Rolling out a cloud-based version of Office gave Microsoft something very important: Information. There’s always a gap between how you predict people will use your product and how they actually use it. Feedback is crucial when deciding what features to focus on moving forward. Since the cloud-based 360 sends Microsoft user behavior, they had all the feedback they could handle when designing Office 2016. The result is a smarter and more efficient suite. Here are some of our favorite features.
Microsoft Word alone has thousands of features. Searching for the right one can be a bear. Tell Me lets you give verbal commands to Word, Excel or PowerPoint to bring up a tool or feature. It doesn’t lead you to a Help file to read. It doesn’t lead you to Clippy. It traces through the menu bar to the exact feature you want. In terms of the don’t-make-me-think approach to design, Tell Me is a big step forward.
Collaborating on documents, especially in real time, is tricky business. Office 2016 seems to have nailed it, allowing you to see others’ edits and refer back to earlier drafts. When working on a Word, PowerPoint or OneNote document at the same time, your cursor will be visible to your collaborator and lock the paragraph you’re currently working on. You can choose whether your text appears to other viewers in real time, or only upon saving. You can also see your co-workers’ availability and start a Skype chat from inside the document. The call can then be minimized to a small unobtrusive window, so you can stay connected while you work.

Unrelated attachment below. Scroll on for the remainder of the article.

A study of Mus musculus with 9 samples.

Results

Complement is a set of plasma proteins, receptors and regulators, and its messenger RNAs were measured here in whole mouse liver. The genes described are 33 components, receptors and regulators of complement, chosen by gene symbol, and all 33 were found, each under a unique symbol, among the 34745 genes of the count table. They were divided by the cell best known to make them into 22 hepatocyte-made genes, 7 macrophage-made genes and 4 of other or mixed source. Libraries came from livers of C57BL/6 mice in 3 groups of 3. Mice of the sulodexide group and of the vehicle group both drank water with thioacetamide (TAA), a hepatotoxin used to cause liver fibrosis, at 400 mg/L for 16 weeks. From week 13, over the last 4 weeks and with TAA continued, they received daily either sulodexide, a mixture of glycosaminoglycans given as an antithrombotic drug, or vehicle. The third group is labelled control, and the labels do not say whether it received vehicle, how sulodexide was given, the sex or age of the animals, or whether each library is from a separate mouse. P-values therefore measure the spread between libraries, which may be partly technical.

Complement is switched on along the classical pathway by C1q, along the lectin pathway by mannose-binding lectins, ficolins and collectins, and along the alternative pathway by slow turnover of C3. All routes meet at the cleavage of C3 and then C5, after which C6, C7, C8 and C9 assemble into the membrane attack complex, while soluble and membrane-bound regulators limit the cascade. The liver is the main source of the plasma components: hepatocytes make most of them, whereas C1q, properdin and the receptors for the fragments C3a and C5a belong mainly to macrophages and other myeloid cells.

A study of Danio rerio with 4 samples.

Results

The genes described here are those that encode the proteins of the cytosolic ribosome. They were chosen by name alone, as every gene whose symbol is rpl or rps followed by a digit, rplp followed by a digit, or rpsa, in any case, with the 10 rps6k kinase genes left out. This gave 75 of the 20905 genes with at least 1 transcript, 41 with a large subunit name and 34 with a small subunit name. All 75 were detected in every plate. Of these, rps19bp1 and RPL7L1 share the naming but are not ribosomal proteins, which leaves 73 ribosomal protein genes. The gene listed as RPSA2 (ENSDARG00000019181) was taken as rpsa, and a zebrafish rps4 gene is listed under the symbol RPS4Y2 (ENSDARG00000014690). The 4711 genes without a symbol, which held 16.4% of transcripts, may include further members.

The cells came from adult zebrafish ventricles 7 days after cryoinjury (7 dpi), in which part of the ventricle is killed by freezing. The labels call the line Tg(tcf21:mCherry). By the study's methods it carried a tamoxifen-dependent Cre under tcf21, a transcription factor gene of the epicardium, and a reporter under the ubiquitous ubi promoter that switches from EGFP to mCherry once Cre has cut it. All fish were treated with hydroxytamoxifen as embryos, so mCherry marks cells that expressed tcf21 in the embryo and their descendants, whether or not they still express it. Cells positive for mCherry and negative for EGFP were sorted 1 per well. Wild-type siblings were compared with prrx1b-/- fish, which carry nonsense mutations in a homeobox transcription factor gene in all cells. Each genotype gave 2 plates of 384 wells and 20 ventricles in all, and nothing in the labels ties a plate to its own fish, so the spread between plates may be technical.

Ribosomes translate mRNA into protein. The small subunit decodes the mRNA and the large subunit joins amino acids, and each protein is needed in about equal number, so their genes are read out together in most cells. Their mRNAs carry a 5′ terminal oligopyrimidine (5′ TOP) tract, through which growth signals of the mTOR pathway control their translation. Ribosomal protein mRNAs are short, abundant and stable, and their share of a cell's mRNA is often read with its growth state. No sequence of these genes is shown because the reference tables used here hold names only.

Research and fact-checking gets integrated with 2016 via the Bing-powered Smart Lookup. When you highlight a string of text and right-click, the Smart Lookup option will use contextual information to deliver search results right next to your document. This means fewer clicks to search, no need to drag windows around to share the screen, and an all-around easier method to jump between research and writing.
One of the behavioral patterns Microsoft realized from 360 is that when people are opening an Office program, they’re usually working on something they’ve already started, not starting something new. Consequently, 2016 puts recently used docs front and center. More importantly, the recently used list roams between devices. Since 2016 follows Windows 10’s focus of mobile and touch screen-friendly performance, starting a document on your desktop and finishing it on your phone is expected to be smooth operation. A smarter Recently Used list is crucial in facilitating this. Finally, the Recently Used list is now integrated in Outlook, making emailing attachments take a fraction of what it used to. You can even set permissions on the fly.
Office 2016 is available now. If your office is interested in upgrading, let us know.